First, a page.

Pop-culture tourism is in some respects akin to pilgrimage, with its modern equivalents of places of pilgrimage, such as Elvis Presley‘s Graceland and the grave of Jim Morrison in Père Lachaise Cemetery.
Popular destinations have included:
- Los Angeles, California area film studios
- New York City, New York urban area featured in hundreds of Hollywood and American films.
- Salzburg, Austria, where many scenes from The Sound of Music (1965) were filmed.
- Tunisia, location of the filming of the Star Wars films, began in 1977.
- The Field of Dreams, a baseball field featured in the 1989 film of the same name.
- Petra, Jordan, where visits went from the thousands to the millions after the climactic scene of the 1989 film Indiana Jones and the Last Crusade was filmed in Al Khazneh.
- Wallace Monument, Stirling, dedicated to Scottish hero William Wallace. Saw a visitor rise of 160,000 after the 1995 film Braveheart
- Burkittsville, Maryland, where tourists re-create the most gruesome scenes from the 1999 film The Blair Witch Project.
- New Zealand, after The Lord of the Rings (2001–2003) was filmed there. See also Tolkien tourism.
- Alnwick Castle, location of Hogwarts in the Harry Potter film series (2001–2011).
- Santa Ynez Valley in Central California where much of the 2004 film Sideways took place.
- Rosslyn Chapel, Scotland and Lincoln Cathedral, England. Locations used in The Da Vinci Code film (2006).
- Brevard and Transylvania County, North Carolina. Filming location of The Hunger Games (2012).
- Norway, where tourism increased after the 2013 Disney film Frozen was released
- Loch Ness in the Scottish highlands, home of the mythical Loch Ness Monster.
- Sherwood Forest, Nottinghamshire, England, associated with Robin Hood.
- Tintagel Castle in South-West England, association with King Arthur.
- Ashdown Forest, East Sussex, England, setting for Winnie-the-Pooh in the 1920s. The game Poohsticks is a popular attraction.
- Stratford-upon-Avon, Warwickshire, England, birthplace of William Shakespeare (1564–1616), receives about 4.9 million visitors a year from all over the world.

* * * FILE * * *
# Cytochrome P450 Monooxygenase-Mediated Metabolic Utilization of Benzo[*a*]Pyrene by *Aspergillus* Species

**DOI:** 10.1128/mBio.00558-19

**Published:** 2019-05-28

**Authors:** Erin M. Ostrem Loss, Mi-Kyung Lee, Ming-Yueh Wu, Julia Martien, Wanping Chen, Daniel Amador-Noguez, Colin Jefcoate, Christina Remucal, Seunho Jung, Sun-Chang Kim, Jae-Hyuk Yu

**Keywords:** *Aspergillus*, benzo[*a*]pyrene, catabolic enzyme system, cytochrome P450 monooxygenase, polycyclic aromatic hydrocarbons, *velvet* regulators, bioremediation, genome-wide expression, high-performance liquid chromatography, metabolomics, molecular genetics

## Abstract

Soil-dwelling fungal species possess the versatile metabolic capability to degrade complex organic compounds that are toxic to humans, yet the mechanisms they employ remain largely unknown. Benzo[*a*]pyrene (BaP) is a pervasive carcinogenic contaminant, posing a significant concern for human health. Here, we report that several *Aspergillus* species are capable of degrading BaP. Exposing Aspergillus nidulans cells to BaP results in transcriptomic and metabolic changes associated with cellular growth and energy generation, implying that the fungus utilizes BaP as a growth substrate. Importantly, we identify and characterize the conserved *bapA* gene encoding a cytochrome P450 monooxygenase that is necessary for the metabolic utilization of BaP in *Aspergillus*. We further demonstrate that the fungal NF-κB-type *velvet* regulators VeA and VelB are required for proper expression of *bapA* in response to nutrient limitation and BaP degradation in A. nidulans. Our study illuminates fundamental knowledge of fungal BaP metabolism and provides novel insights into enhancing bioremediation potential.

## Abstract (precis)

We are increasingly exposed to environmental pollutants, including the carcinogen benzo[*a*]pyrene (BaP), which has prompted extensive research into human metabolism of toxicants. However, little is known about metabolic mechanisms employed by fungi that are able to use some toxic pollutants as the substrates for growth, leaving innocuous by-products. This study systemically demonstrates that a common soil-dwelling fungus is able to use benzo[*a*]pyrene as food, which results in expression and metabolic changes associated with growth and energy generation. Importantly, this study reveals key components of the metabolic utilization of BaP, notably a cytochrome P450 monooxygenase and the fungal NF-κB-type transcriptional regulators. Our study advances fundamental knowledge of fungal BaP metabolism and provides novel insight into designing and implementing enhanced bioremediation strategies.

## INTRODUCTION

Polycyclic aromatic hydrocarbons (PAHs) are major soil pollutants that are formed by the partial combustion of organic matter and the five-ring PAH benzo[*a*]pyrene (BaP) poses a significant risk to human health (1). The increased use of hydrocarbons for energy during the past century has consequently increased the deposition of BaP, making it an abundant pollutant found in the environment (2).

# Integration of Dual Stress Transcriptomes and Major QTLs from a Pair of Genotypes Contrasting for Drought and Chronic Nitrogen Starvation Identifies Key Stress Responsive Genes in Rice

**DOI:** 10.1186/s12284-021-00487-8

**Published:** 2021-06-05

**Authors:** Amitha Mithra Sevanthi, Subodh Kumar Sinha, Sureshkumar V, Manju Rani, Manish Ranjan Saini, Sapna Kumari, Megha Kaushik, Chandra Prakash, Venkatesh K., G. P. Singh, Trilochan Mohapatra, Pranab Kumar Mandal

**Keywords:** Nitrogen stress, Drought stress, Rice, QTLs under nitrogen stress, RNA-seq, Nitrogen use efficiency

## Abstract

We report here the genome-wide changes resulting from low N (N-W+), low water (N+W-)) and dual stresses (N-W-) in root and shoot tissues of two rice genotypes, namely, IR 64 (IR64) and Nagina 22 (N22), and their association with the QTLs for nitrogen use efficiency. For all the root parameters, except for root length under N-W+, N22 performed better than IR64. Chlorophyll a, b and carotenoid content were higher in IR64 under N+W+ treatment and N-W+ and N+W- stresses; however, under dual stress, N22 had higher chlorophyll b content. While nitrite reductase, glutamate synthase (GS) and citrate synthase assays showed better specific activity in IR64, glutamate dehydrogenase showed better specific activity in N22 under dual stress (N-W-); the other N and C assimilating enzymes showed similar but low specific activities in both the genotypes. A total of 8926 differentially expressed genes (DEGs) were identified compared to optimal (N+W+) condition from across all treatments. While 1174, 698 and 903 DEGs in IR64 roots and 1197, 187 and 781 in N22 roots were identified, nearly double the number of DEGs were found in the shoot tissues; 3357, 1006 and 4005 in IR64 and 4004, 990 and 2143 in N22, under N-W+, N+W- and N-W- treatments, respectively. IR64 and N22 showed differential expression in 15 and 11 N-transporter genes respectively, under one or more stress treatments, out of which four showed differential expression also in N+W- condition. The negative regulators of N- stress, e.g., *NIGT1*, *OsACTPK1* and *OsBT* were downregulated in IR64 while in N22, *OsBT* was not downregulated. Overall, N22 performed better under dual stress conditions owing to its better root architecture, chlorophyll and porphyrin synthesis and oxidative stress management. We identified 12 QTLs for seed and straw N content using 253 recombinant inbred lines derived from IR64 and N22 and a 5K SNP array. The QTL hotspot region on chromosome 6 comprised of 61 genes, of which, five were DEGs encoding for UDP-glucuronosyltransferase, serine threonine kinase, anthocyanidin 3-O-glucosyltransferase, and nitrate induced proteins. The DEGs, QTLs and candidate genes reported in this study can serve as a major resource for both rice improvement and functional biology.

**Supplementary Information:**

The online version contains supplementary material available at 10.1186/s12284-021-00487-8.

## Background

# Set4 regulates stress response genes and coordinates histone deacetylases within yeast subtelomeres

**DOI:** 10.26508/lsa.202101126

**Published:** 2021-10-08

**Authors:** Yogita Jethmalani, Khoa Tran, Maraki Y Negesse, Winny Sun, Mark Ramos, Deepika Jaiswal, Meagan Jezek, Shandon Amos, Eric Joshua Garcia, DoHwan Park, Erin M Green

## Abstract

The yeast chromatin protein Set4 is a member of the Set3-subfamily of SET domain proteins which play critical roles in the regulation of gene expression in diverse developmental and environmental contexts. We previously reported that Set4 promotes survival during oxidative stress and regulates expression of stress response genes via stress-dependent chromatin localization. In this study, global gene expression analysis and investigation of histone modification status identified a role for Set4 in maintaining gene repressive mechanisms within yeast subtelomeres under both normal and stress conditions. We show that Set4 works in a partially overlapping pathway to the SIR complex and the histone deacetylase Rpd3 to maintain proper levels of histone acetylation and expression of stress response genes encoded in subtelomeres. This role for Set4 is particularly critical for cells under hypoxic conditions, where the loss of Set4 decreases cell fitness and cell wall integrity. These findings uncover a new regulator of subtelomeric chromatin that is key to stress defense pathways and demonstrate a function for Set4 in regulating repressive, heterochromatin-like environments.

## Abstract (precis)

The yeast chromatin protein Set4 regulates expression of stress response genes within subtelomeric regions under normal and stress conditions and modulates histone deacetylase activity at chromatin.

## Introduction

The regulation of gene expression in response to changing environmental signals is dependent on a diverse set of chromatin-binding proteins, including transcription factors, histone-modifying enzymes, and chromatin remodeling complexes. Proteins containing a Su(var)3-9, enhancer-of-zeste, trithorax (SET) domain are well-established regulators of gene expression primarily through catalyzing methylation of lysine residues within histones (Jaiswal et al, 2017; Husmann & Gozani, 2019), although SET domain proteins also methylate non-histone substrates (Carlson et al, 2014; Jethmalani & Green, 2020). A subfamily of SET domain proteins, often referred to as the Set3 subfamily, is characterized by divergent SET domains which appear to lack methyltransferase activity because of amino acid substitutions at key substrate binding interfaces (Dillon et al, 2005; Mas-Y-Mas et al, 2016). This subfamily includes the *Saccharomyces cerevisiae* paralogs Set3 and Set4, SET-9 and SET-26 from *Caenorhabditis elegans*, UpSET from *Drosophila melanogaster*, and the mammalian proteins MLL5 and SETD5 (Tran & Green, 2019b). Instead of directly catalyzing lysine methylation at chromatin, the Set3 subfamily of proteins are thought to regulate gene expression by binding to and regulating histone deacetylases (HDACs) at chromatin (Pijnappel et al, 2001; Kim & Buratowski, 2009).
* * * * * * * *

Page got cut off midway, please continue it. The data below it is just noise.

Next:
- Prince Edward Island, in which the 1908 Canadian novel Anne of Green Gables takes place, is a popular attraction for tourists, notably from Japan where the first translated edition was published in 1952.
- Forks, Washington, primary setting of the Twilight series of novels and films.
- Abbey Road, London, known by the 1969 album Abbey Road by The Beatles whose cover features the Beatles walking across the zebra crossing of the road.
- Liverpool, England, for fans of The Beatles. A museum dedicated to them ‘The Beatles Story’ is situated at the Albert Dock. The reconstructed ‘Cavern’, the club they played in before becoming famous is also a stop for Beatles pilgrims. A bus tour of the city entitled The Magical Mystery Tour, visits many sites associated with the group including former homes of The Beatles.
- Graceland, Memphis, Tennessee, a mansion which was owned by Elvis Presley. It serves as his biographical museum since 1982.
- Istanbul for fans of Turkish television drama.
- Pin Oak Court, Vermont South, Victoria, a suburban Melbourne shooting location for soap opera Neighbours from 1985.
- Tom’s Restaurant which is known to many as Monk’s from Seinfeld (1989–1998).
- North Bend, Washington and Twede’s Cafe, the shooting location of the Double R Diner, where much of the 1990 television series Twin Peaks was filmed.
- Roslyn, Washington, which stood in for Cicely, Alaska in the television series Northern Exposure (1990–1995).
- Chuncheon, South Korea, where the 2002 KBS2 television drama series Winter Sonata took place.
- Tobermory, Isle of Mull, Scotland, Location of the popular children’s programme Balamory (2002–2005).
- Albuquerque, New Mexico. The location of the AMC television series Breaking Bad (2008–2013).
- Highclere Castle, location of the 2010s drama series Downton Abbey.
Japanese anime and manga
- Enoshima (Shōnan) and Kamakura district, originally a local tourist spot near Tokyo. Many Japanese anime and manga series, such as Ping Pong (1996), Squid Girl (2007–2016), Tsuritama (2012), Tari Tari (2012), and one-off episodes in other series, took place there. Due to appearance in the opening theme of the 1990s anime series Slam Dunk, an ordinary level crossing of the Enoshima Electric Railway, near Kamakurakōkōmae Station, became popular attraction for tourists, notably from China and Taiwan.
Intentional pop-culture tourism attractions
- Vulcan, Alberta, Canada. In the early 1990s this small rural community began to explore ways it could capitalize on the coincidence of the Town’s name being the same as popular Star Trek Character, Mr. Spock‘s home planet: Vulcan, to develop its local tourism industry.
- Grand Tour
- Film commission, non-profit, public organizations that attract motion media production crews to shoot on location in their respective localities.
- Stephen Metcalf, Pop Culture Trips, Travel + Leisure Magazine, May 2006 (article about pop-culture tourism).
- Comer, Douglas (2011). Tourism and Archaeological Heritage Management at Petra: Driver to Development Or Destruction?. Springer. pp. 5–6. ISBN 9781461414803. Retrieved July 17, 2014.
- “Stratford District Council Report – Controlling the location, scale and mix of development” (PDF). Archived from the original (PDF) on 2013-11-04. Retrieved 2013-05-31.
- “Kamakura Koko Mae – the stage of many Animes [sic] & movies”. Enoshima Breeze. Retrieved 2017-09-23.
- “Famous Spot for SLAM DUNK ~Railroad crossing in Kamakura~”. TabiScrap. Retrieved 2017-09-23.